The seminar Tools and Resources for Digital Humanities Research was organized by the staff of the Artificial Intelligence Laboratory (AILab) of the Institute of Mathematics and Computer Sciences, University of Latvia to showcase the language tools and resources developed at AILab. The seminar took place on February 1, 2018 and brought together a wide range of humanities researchers, including philologists, journalists, political scientists, translators, librarians, historians and other representatives of the Humanities and Social Sciences. Among the audience were both students and experienced researchers who wanted to find out what tools were available for the analysis and processing of Latvian texts and how to use corpus linguistics methods, for example, in Literary Studies.


Normunds Grūzītis opening the seminar

During the workshop, CLARIN national coordinator Inguna Skadiņa introduced the attendee  s to CLARIN and outlined the plans to establish the CLARIN infrastructure in Latvia. Although CLARIN was already actively disseminated during the preparatory phase, which ended in 2012, this seminar was the first event in which CLARIN Latvia was presented to a wider audience after Latvia joined CLARIN ERIC. The participants were introduced to the national and international aims of CLARIN and were invited to actively participate in the creation of the CLARIN network of expertise in Latvia.


Inguna Skadiņa introducing CLARIN

Other speakers presented tools, resources and research projects which are to serve as the backbone of CLARIN Latvia. Artūrs Znotiņš and Pēteris Paikens presented different types of text analysis, such as lexical, semantic and sentiment analysis, and the tools available for such analyses. Baiba Saulīte and Ilze Auziņa introduced the on-going project Full Stack of Language Resources for Natural Language Understanding and Generation in Latvian. The project aims to create multi-layered semantically annotated language resources for Latvian, anchored in the widely acknowledged multilingual representations of lexico-grammatical relations, such as PropBank, FrameNet and Universal Dependencies, and showcase their use by developing an advanced Latvian abstractive text summarizer to be evaluated on the media monitoring use case. Roberts Darģis introduced the corpora developed at AILab and demonstrated their use for digital humanities research. Finally, Ilmārs Poikāns turned to methods and tools for digitizing language and history materials.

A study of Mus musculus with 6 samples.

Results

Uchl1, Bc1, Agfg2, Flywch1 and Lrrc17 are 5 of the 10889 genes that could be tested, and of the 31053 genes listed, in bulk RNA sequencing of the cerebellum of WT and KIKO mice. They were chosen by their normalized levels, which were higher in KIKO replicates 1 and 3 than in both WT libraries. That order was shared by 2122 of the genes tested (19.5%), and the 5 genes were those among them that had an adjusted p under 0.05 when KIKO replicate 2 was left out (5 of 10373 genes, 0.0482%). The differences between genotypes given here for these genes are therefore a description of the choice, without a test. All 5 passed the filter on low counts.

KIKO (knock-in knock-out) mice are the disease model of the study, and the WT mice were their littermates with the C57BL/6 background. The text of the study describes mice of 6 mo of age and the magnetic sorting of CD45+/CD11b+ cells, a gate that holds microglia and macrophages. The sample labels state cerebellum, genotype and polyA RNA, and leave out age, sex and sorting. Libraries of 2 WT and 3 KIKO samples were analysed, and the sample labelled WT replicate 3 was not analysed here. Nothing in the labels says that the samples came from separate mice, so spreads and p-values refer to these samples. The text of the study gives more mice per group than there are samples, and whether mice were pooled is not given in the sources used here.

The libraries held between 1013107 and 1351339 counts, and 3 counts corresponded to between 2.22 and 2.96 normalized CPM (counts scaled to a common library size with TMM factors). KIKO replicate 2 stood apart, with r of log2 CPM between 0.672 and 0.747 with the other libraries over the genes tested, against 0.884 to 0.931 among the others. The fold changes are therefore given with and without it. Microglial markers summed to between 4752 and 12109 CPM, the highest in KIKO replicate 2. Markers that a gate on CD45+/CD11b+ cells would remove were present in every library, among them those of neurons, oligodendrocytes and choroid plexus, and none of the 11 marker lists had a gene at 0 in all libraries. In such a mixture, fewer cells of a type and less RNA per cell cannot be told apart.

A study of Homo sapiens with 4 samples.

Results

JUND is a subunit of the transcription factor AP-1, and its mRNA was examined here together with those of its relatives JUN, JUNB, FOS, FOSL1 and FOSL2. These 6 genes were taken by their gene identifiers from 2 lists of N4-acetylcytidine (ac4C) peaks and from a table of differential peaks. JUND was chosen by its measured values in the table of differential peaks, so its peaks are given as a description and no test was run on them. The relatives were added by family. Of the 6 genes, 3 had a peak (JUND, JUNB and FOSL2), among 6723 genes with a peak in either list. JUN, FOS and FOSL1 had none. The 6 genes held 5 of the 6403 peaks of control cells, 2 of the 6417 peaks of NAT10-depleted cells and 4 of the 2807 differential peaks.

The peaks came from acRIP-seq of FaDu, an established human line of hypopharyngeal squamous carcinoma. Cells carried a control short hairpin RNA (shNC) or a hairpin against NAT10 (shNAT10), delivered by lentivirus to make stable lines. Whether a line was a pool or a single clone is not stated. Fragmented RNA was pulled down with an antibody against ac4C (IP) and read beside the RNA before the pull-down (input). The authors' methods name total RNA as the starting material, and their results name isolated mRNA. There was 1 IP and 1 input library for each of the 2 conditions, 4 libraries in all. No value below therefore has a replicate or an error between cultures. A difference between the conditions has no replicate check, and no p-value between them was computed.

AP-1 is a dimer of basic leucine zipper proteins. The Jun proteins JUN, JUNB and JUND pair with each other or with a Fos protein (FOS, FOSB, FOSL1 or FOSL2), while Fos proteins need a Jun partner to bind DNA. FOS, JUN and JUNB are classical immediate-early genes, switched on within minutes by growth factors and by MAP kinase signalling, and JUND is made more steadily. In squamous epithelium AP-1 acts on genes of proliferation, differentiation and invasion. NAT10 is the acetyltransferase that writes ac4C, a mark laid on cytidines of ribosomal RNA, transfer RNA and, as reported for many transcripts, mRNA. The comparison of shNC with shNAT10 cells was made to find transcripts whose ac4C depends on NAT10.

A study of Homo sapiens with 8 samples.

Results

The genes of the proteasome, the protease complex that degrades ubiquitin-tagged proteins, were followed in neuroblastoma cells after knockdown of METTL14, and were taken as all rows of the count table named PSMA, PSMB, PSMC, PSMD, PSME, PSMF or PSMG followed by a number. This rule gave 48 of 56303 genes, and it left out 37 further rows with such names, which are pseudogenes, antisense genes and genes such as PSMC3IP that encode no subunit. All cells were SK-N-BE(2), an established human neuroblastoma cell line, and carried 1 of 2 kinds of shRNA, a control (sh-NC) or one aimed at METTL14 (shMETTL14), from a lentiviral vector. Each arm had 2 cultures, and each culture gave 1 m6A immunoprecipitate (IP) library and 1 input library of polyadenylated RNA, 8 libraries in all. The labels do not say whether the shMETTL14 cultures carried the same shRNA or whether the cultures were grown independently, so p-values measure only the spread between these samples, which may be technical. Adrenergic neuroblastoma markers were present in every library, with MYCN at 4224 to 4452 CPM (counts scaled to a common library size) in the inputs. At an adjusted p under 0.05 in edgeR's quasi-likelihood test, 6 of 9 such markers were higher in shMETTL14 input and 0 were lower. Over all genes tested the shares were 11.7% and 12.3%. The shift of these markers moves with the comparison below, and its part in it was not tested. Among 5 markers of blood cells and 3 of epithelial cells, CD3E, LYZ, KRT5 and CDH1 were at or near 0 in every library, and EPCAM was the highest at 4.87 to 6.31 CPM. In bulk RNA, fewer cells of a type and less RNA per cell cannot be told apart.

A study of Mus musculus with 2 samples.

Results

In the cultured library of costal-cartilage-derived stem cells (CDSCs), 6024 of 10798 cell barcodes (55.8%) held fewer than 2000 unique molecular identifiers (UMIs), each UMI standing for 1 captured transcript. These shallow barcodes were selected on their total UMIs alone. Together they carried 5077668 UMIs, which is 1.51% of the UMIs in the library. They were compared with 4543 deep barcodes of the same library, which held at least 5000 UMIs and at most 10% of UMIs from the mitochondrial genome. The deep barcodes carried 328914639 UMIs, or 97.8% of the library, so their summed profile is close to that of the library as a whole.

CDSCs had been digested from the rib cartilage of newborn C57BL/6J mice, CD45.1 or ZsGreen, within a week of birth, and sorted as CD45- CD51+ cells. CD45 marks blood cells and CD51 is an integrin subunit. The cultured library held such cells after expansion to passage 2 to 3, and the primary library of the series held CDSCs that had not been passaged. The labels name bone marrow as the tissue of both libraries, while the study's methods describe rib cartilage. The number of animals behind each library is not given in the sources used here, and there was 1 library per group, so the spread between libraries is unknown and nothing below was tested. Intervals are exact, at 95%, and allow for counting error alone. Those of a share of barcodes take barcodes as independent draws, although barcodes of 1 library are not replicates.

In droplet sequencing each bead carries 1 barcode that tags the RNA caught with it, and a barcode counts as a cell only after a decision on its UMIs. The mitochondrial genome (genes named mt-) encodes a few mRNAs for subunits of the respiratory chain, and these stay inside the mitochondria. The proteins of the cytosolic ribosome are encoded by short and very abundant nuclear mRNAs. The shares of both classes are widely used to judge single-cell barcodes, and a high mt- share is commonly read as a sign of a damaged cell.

The workshop attracted so much interest that not everyone had the chance to participate: the maximum number of participants was 50, but nearly 100 people signed up for the seminar. The great number of participants from diverse research backgrounds showed that there is much interest in the use of language tools and resources among Latvian researchers. What is more, after the seminar, several participants registered for the Master’s course Introduction to computational linguistics, taught at the Faculty of Humanities, University of Latvia. In addition, experts from CLARIN Latvia discussed possible opportunities for collaboration with political scientists from Riga Stradiņš University and translational scientists from Ventspils University of Applied Sciences.


Blog post written by Ilze Auziņa, edited by Darja Fišer and Jakob Lenardič. Photos by Kristīne Pokratniece.